STRATEGIC change fails without consistency—an uncompromising commitment to your stated purpose. A single inconsistent act can call your credibility into question and undermine your change effort.
Michael Canic, author of Ruthless Consistency, can help you put the odds of success in your favor. By ruthless consistency, he doesn’t mean robotic repetition. It doesn’t mean inflexible. In fact, “varied and creative are requirements of ruthless consistency, not enemies.” Our changing environment demands it. What he does mean is “the relentless alignment of intentions, decisions, and actions.”
Ruthless consistency means that everything you do—as varied and creative as it might be—is consistently aligned with your purpose, your intentions.
The foundation of ruthless consistency begins with three principles. First, “what matters more than anything you do is everything you do.” Everything you do must be aligned with the direction you want to go to. That involves doing three things: develop the right focus, create the right environment, and build the right team.
“Developing the right focus means identifying and articulating why your organization must change, what you intend to achieve, and how you intend to achieve it. Creating the right environment means aligning every organizational touchpoint, so that your team can and will execute on the right focus. Building the right team means securing the right collection of talent to make it happen.” Canic devotes a section of the book to each ingredient.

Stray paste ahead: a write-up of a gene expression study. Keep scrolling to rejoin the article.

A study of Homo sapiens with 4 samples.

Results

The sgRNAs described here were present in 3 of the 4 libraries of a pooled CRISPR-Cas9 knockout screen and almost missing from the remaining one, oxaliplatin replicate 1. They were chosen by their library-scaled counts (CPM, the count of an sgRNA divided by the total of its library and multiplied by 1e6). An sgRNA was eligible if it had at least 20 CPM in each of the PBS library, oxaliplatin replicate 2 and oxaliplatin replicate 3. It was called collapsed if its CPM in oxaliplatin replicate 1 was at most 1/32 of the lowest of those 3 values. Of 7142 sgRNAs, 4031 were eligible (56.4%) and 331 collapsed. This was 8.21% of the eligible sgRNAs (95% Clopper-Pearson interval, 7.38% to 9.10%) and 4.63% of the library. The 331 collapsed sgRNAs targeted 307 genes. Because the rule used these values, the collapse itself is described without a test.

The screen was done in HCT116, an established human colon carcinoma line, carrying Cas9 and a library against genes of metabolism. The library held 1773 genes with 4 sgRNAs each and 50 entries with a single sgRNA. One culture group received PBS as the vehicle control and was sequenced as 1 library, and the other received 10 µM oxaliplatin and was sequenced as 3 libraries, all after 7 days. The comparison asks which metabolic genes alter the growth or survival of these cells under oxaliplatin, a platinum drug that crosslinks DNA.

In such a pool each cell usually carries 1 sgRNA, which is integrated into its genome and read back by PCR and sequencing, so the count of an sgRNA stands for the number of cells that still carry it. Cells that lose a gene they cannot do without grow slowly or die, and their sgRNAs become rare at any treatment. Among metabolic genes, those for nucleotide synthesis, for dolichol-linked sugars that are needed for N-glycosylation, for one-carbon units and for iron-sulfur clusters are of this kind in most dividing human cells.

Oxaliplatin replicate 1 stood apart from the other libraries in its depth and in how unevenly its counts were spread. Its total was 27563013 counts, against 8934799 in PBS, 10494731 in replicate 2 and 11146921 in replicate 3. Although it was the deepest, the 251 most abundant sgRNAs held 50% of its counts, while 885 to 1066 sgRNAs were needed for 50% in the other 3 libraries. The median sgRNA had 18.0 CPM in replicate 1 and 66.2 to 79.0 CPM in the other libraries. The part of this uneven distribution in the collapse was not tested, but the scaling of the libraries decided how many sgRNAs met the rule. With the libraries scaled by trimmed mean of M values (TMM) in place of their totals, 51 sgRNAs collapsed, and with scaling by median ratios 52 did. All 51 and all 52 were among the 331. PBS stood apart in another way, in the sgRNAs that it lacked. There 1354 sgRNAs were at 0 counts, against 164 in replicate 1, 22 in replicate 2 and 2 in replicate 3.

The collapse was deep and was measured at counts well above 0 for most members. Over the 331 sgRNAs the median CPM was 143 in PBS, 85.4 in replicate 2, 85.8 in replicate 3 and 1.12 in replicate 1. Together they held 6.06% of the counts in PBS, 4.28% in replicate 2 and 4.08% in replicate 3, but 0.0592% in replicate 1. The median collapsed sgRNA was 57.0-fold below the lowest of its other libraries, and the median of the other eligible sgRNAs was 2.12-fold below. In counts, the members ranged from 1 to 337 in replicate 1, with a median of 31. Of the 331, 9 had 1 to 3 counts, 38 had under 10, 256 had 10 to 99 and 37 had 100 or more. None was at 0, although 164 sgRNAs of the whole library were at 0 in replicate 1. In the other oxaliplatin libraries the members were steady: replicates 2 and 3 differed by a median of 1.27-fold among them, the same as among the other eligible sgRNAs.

The second principle is “what you do is not as important as what your people experience.” We naturally look at things from our own perspective, but as leaders, we need to flip that around. “What matters is what they perceive, what they believe, and how they feel.” Canic adds, “It’s not about you. It’s through you. What you do is validated only by what they experience and, as a consequence, what they do.”
For people to do what you need them to do and perform at their best, first, you have to understand their perspective. Ultimately, this is about empathy. Seeing through their eyes. Thinking through their minds. Feeling with their hearts. And then taking the right actions.
The third principle is “you’re not as committed as you need to be…yet.” What does it take to achieve the result you need, and are you willing to do what it takes to get there?
Commitment is best summed up by what I heard a fellow football coach said many years ago: There’s a big difference between the will to win and the will to do what it takes to win. Exactly. And you’d better understand that difference. Many of us have the will to win. We love the feeling of winning. We want to be around winners. But do we have the will to do what it takes to win?
What can hold you back as a leader from ruthless consistency? Complacency, distractability, and ego.
The first enemy you must defeat is complacency. Are you constantly looking forward? Is your work your passion? Are you immersed in it? People who don’t just achieve success but sustain success have an inspiring next goal.
Are you passively distractable, your attention is easily diverted, or actively distractable, you choose to divert your attention when warranted?
Recognizing team members’ accomplishments strengthens your credibility. It sends a message that you value them and that you’re secure enough to surround yourself with strong talent. Remember, like any leader, you don’t create success. You create the conditions that enable your team to be successful.